Functional Group Protection
Bekington Myrboh of North-Eastern Hill University reported (Tetrahedron Lett. 2010, 51, 2862. ) a convenient procedure for the oxidative removal of a 1,3-oxathiolane 1 or a 1,3-dithiolane. Sang-Gyeong Lee and Yong-Jin Yoon of Gyeongsang National University developed (J. Org. Chem. 2010, 75, 484. ) the pyridazin-3(2H)-one 4 for the microwave-mediated deprotection of an oxime 3. Dario M. Bassani of Université Bordeaux 1 and John S. Snaith of the University of Birmingham devised (J. Org. Chem. 2010, 75, 4648. ) a procedure for the facile preparation of esters such as 6. Brief photolysis (350 nm) returned the parent carboxylic acid 7.
Craig M. Williams of the University of Queensland prepared (Tetrahedron Lett. 2010, 51, 1158. ) the trithioorthoester 8 by iterative opening of epichlorohydrin. He found that the keto ester 9 could be efficiently released by Hg-mediated hydrolysis.
Masatoshi Mihara of the Osaka Municipal Technical Research Institute established (Synlett 2010, 253. ) that even very congested alcohols such as 10 could be acetylated by acetic anhydride containing a trace of FeCl3. Colleen N. Scott, now at Southern Illinois University, developed (J. Org. Chem. 2010, 75, 253. ) a convenient procedure for the preparation of the hydridosilane 13, that on Mn catalysis added the alcohol 12 to make the unsymmetrical bisalkoxysilane 14. Sabine Berteina-Raboin of the Université d’Orléans found (Tetrahedron Lett. 2010, 51, 2115. ) that NaBH4 in EtOH cleanly removed the chloroacetates from 15. Both other esters and silyl ethers were stable under these conditions. Ram S. Mohan of Illinois Wesleyan University established (Tetrahedron Lett. 2010, 51, 1056. ) that Fe(III) tosylate in methanol selectively removed the alkyl silyl ether from 17 without affecting the aryl silyl ether.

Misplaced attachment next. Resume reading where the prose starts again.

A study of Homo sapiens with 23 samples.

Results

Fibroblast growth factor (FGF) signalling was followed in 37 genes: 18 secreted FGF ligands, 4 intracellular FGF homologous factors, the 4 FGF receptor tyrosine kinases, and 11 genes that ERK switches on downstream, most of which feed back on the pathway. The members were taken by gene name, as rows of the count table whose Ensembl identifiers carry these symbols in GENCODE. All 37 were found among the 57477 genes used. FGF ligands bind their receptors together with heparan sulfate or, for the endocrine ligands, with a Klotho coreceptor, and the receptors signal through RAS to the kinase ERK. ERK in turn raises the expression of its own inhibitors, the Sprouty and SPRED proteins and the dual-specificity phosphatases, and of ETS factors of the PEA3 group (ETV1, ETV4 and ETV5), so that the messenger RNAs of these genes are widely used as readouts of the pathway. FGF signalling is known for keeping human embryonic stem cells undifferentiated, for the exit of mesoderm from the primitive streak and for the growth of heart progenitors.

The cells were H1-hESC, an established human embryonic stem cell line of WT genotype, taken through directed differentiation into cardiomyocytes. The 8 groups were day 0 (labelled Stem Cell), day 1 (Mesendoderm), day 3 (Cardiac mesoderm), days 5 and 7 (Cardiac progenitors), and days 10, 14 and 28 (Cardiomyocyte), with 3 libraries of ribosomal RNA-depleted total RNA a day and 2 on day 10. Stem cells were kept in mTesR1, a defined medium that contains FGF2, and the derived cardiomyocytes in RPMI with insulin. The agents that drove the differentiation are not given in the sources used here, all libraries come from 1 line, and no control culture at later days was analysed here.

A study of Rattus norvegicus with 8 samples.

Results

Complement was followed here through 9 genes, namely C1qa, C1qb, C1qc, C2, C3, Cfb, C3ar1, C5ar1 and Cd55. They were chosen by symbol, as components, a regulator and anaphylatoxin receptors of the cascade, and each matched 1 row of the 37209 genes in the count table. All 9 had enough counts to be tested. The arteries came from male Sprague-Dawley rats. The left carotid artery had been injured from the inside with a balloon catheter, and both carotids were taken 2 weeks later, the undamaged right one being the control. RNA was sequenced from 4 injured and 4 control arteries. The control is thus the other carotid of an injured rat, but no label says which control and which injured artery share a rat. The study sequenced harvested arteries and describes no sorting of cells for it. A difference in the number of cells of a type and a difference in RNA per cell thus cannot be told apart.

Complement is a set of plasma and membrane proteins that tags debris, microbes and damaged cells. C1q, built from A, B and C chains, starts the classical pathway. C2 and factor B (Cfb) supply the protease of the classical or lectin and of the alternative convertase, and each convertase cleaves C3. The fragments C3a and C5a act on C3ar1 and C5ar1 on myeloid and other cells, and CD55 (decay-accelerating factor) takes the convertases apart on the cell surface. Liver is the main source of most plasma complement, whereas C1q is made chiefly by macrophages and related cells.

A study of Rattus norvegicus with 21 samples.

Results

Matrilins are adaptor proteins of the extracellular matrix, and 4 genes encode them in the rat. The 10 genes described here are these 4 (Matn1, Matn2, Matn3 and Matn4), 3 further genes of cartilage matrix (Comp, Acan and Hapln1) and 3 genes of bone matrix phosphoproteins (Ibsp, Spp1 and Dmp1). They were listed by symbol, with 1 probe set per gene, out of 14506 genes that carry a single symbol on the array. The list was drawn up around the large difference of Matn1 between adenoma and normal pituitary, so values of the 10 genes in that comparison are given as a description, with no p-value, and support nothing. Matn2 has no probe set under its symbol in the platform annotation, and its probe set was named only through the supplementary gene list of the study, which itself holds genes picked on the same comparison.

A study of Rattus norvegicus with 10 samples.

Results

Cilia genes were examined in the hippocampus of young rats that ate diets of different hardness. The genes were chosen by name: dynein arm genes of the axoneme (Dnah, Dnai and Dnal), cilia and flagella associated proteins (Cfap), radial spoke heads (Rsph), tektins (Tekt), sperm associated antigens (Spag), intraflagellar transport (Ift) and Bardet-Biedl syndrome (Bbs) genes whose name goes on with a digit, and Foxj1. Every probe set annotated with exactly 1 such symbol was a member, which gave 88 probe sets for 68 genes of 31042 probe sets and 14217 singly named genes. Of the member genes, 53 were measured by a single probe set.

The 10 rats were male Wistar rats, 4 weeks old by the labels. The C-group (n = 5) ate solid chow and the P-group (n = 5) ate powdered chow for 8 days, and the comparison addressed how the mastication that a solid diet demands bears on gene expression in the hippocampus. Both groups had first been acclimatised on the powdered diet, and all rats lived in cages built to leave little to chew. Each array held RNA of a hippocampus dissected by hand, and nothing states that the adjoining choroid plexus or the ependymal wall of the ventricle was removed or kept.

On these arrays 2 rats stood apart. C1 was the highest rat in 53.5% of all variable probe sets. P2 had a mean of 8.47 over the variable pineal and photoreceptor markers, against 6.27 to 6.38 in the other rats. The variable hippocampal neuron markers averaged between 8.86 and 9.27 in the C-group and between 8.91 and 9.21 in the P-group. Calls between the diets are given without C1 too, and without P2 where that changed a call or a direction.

Alakananda Hajra and Adinath Majee of Visva-Bharati University effected (Tetrahedron Lett. 2010, 51, 2896. ) formylation of an amine 19 by heating with commercial 85% formic acid as the solvent in a sealed tube at 80°C. Although both primary and secondary amines could be efficiently formylated, the primary amines were much more reactive. Doo Ok Jang of Yonsei University found (Tetrahedron Lett. 2010, 51, 683. ) that the conveniently-handled CF3CCO2H (the acid chloride is a gas) could be activated in situ, to selectively convert 22 into 24. The importance of trifluoroacetamides was underscored by the report (Angew. Chem. Int. Ed. 2010, 49, 1850. ) from Paola Rota of the University of Milan that 25 could be acylated with an acid chloride. The trifluoroacetyl was then removed by mild hydrolysis, completing the protecting group exchange without jeopardizing the esters.
Chuangxing Guo of Pfizer/San Diego observed (Tetrahedron Lett. 2010, 51, 2909. ) that in situ coupling of the sulfamyl chloride derived from 27 with 28 in the presence of pyridine as the base gave low yields of the coupled product, accompanied by a substantial amount of the undesired primary mixed sulfamide. Using 3,5-lutidine as the base gave clean conversion to 29.